Worlds blend as we bake together

Today I was proud to be invited to conduct a Jewish cooking class with my friend and colleague, Saatchi, at Nosh Food Market, in Auckland.  Under the lights and cameras of a TV3 production team, and as a part of a journey into understanding minorities within our country, Saatchi and I took our audience on a mini journey into Jewish food, customs and culture.  With Saatchi able to discuss her life as a young Jewish woman living in Auckland, I was able to help recreate her favourite significant foods, including the Sabbath bread, Challah (pronounced Hallah) and Apple Brandy Latkes.

Our challah was rustic and home style.  An eggy bread sweetened with honey, and shaped into an elaborate braid.  Washed with egg before baking, it has a shiny crust and smells divine as you pull it fresh from the oven.  In some homes, the bread is pulled apart, and in others it is sliced.  At times dipped in honey and in Saatchi’s home served with mashed soft boiled egg, I can also vouch for this bread turning into the most luscious French toast the following morning!

We used a recipe that creates enough dough for two large loaves, but the tricks of holding back on the rising process means you could create one loaf each day across two different days.   The dough needs to be elastic and a little stiff – but not too stiff or it will take too long to rise!  Whilst even the stiffest dough will eventually double in volume, using the Waitrose Organic Plain Flour, which seems to absorb just the right amount of liquid, creates a smooth and elastic dough, set to rise easily in the 1 1/2 hour allotted period.  You can make your plaiting perfect and smooth, but don’t take it too seriously – keep it lovely and home-made, the less polished – the prettier the end product 🙂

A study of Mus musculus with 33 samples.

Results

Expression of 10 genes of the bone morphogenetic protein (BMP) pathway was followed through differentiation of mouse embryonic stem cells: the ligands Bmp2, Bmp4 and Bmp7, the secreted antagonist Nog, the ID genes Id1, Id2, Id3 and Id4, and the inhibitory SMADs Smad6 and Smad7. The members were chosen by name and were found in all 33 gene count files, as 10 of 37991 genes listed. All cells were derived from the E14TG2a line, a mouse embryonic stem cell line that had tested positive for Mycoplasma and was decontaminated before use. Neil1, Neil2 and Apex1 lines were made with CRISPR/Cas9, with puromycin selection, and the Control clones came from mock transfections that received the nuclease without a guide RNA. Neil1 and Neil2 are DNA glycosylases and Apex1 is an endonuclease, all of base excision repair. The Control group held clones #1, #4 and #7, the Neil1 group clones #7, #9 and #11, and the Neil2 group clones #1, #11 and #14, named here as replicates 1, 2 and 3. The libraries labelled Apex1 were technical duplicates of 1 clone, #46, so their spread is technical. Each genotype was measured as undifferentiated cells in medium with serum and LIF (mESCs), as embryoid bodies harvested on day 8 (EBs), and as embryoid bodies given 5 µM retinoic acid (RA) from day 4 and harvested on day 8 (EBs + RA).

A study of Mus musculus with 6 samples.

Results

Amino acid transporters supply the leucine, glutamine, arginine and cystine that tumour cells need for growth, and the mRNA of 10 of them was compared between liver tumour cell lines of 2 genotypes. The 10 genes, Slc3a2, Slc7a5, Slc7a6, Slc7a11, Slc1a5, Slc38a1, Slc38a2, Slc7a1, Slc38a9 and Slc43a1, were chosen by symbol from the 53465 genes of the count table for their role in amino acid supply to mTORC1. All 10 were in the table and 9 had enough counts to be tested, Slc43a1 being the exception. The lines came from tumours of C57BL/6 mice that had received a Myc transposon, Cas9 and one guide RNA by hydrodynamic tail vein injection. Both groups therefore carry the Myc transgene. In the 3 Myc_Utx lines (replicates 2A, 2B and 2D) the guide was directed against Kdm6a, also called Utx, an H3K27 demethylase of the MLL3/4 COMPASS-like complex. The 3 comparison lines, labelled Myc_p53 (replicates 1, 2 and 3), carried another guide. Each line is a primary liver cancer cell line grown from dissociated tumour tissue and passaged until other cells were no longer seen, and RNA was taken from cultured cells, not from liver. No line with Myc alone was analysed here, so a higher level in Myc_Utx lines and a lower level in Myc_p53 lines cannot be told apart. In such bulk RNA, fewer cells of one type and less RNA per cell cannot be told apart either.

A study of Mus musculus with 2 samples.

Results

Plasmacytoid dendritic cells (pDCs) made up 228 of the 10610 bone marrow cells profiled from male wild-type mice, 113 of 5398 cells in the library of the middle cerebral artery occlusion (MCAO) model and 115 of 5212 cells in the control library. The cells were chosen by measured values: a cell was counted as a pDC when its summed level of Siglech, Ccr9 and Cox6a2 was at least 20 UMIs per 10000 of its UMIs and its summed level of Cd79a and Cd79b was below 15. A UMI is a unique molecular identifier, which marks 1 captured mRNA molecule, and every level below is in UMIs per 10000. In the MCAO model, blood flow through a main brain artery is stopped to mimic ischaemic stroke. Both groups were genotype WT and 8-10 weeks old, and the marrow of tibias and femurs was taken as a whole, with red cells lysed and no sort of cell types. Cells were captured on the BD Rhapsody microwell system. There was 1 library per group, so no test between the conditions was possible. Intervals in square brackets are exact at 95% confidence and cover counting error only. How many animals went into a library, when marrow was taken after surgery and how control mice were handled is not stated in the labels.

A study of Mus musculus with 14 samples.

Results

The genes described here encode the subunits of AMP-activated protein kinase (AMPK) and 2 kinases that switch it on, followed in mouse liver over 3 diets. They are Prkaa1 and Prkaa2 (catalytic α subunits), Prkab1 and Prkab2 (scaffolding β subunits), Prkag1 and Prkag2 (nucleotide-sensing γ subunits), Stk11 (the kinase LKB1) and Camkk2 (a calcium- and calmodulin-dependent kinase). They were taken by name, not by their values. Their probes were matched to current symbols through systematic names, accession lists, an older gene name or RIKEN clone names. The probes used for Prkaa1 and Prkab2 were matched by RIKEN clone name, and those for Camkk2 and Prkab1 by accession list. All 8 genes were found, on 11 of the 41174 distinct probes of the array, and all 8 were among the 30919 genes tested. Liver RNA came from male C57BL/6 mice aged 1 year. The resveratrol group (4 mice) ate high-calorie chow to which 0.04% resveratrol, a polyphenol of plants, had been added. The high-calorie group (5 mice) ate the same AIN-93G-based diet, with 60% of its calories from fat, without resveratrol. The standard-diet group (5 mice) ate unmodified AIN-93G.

apple latkesThe latkes are a significant part of the meal at Hanukkah.  Whilst they are traditionally made with cheese, onions, potatoes and other vegetables, today we decided to raise the bar a little and create a delicious Claudia Roden recipe, taken from her “The Book of Jewish Food”.  Thickly sliced discs of apple, macerated in sweetened brandy and fried in a batter until the apple is softened and the discs are crispy and golden – the scrumptious latkes can be served as they are, or tossed in sugar and cinnamon.

The afternoon was fun, inspiring, educational and thought provoking.  Another moment for me of the life long journey I am taking into the world of cuisine and culture colliding and opening up a path of understanding and enquiry of others.  For me this was a stimulating and uplifting experience, and one that I was truly thrilled to be a part of.